Pilots from the 104th Fighter wing depart for a two week Temporary Duty Assignment at Patrick Air Force Base Jan. 25, 2019, at Barnes Air National Guard Base, Massachusetts. Pilots will use the TDY to train flying against dissimilar aircraft.  (U.S. Air National Guard photos by Airman Sara Kolinski)

Pilots from the 104th Fighter wing depart for a two week Temporary Duty Assignment at Patrick Air Force Base Jan. 25, 2019, at Barnes Air National Guard Base, Massachusetts. Pilots will use the TDY to train flying against dissimilar aircraft. (U.S. Air National Guard photos by Airman Sara Kolinski)

104th Fighter Wing Airmen board a C-130 Hercules Jan. 24, 2019, at Barnes Air National Guard Base, Massachusetts. The Airmen are going to Patrick Air Force Base where they will train to help them prepare for various situations.  (U.S. Air National Guard photos by Airman Sara Kolinski)

104th Fighter Wing Airmen board a C-130 Hercules Jan. 24, 2019, at Barnes Air National Guard Base, Massachusetts. The Airmen are going to Patrick Air Force Base where they will train to help them prepare for various situations. (U.S. Air National Guard photos by Airman Sara Kolinski)

A C-130 Hercules from Bradley Air Force Base flies over a 104th Fighter Wing F-15 Jan. 22, 2019, at Barnes Air National Guard Base, Massachusetts. Airmen from the 104 FW aboard the C-130 depart for Patrick Air Force Base where they will train to help them prepare for various situations.  (U.S. Air National Guard photos by Airman Sara Kolinski)

A C-130 Hercules from Bradley Air Force Base flies over a 104th Fighter Wing F-15 Jan. 22, 2019, at Barnes Air National Guard Base, Massachusetts. Airmen from the 104 FW aboard the C-130 depart for Patrick Air Force Base where they will train to help them prepare for various situations. (U.S. Air National Guard photos by Airman Sara Kolinski)

104th Logistics Readiness Squadron Airmen prepare to load cargo for a Temporary Duty Assignment Jan. 22, 2019, at Barnes Air National Guard Base, Massachusetts. The Airmen are going to Patrick Air Force Base where they will train to help them prepare for various situations.  (U.S. Air National Guard photos by Airman Sara Kolinski)

104th Logistics Readiness Squadron Airmen prepare to load cargo for a Temporary Duty Assignment Jan. 22, 2019, at Barnes Air National Guard Base, Massachusetts. The Airmen are going to Patrick Air Force Base where they will train to help them prepare for various situations. (U.S. Air National Guard photos by Airman Sara Kolinski)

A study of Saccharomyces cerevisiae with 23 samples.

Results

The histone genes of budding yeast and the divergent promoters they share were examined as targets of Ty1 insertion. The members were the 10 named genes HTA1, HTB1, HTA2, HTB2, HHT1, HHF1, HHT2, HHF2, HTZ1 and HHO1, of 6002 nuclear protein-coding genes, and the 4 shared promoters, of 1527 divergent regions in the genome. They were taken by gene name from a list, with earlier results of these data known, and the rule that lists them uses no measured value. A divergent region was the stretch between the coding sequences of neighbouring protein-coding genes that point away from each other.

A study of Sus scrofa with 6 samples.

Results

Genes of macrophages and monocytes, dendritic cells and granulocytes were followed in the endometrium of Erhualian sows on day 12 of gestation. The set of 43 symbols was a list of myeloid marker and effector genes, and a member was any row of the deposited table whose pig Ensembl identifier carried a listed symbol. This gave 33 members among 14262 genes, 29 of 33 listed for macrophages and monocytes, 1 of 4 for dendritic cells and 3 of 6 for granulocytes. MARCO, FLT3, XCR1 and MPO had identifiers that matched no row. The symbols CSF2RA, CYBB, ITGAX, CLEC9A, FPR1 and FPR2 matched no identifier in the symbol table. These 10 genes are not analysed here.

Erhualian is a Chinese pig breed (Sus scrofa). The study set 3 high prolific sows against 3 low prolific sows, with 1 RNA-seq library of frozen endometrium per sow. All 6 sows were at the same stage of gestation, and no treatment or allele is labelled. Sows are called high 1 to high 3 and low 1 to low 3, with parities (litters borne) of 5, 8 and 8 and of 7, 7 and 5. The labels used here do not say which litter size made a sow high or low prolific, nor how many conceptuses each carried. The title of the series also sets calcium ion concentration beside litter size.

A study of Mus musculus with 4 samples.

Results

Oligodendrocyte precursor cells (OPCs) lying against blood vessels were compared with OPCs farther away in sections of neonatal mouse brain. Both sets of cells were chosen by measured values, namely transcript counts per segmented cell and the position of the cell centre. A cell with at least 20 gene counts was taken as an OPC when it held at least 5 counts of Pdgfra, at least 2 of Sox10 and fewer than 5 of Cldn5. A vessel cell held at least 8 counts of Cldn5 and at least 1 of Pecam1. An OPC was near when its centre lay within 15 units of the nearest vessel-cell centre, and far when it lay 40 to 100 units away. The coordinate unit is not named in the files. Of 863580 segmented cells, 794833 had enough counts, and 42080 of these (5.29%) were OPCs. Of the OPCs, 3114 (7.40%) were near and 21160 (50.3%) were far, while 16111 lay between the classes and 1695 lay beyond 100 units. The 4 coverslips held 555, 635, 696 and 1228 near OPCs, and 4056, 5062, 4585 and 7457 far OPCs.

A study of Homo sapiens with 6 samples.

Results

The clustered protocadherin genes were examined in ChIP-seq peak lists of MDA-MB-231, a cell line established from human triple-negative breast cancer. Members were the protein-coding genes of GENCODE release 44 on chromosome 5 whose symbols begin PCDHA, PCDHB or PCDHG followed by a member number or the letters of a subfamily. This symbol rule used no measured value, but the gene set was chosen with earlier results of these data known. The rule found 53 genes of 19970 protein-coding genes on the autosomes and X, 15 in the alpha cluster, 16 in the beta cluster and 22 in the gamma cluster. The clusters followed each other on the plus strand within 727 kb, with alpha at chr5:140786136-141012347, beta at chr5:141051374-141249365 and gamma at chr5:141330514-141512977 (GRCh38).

BARNES AIR NATIONAL GUARD BASE, Massachusetts --

Members from the Logistics Readiness Squadron, Operations Flight, and Maintenance Group were among those departing for training at Patrick Air Force Base this week.

 

Training conducted at home is vital for a unit to accomplish its mission. The experience gained during Temporary Duty Assignments is often imperative to the wing’s success.

 

“The benefit is always about the training,” said Chief Master Sgt. James Burke, 104th LRS Logistics Specialist. “The more we do it the more experienced our people are going to get. If we do any type of operation where we have to act quickly in a mobilization, we’re just that much more ahead of the game, and that’s the experience level that individuals get when we do these little deployments. The more you do it the more experience you get, and the faster we can do it in a real world situation.”

 

Airmen from LRS get hands-on experience whether they go on the TDY or not. Among their many duties, they are in charge of cargo inspection, coordination with airlifters, manifesting of personnel, and cargo deployment.

 

“Getting the younger troops up to speed and really taking the responsibility and ownership of the processes is what these little deployments do help with, because you have the ability to give it to an airman and say ‘go do this,'" said Chief Master Sgt. Burke. “A supervisor can let somebody go out and get that experience and really start understanding the process, and then hopefully seeing how they can change it because that’s what it’s all about. If a process isn’t changing all the time then you’re not improving.”

Pilots and maintainers on need TDYs like this one to get them mission ready.

“This time of year we’re always fighting the weather to have good visibility which we need for basic fighter maneuvering, which is essentially dog fighting, and we’ll have more of that in Florida than we do up here currently,” said 1st Lt. Brian “Brass” Burke, 104th FW pilot.

First Lieutenant Burke said that the training they will receive in Florida will help pilots get familiar flying against dissimilar aircraft, and will help traditional guardsmen get training they may not get during a two-day drill weekend.

“As a traditional guardsman you only get to practice your skills a couple days a month, but these trips allow you to deploy and practice for one, two, or three weeks at a time and you’re able to improve your skills a lot more and a lot faster when you’re deployed for that period of time,” said 1st Lt. Burke.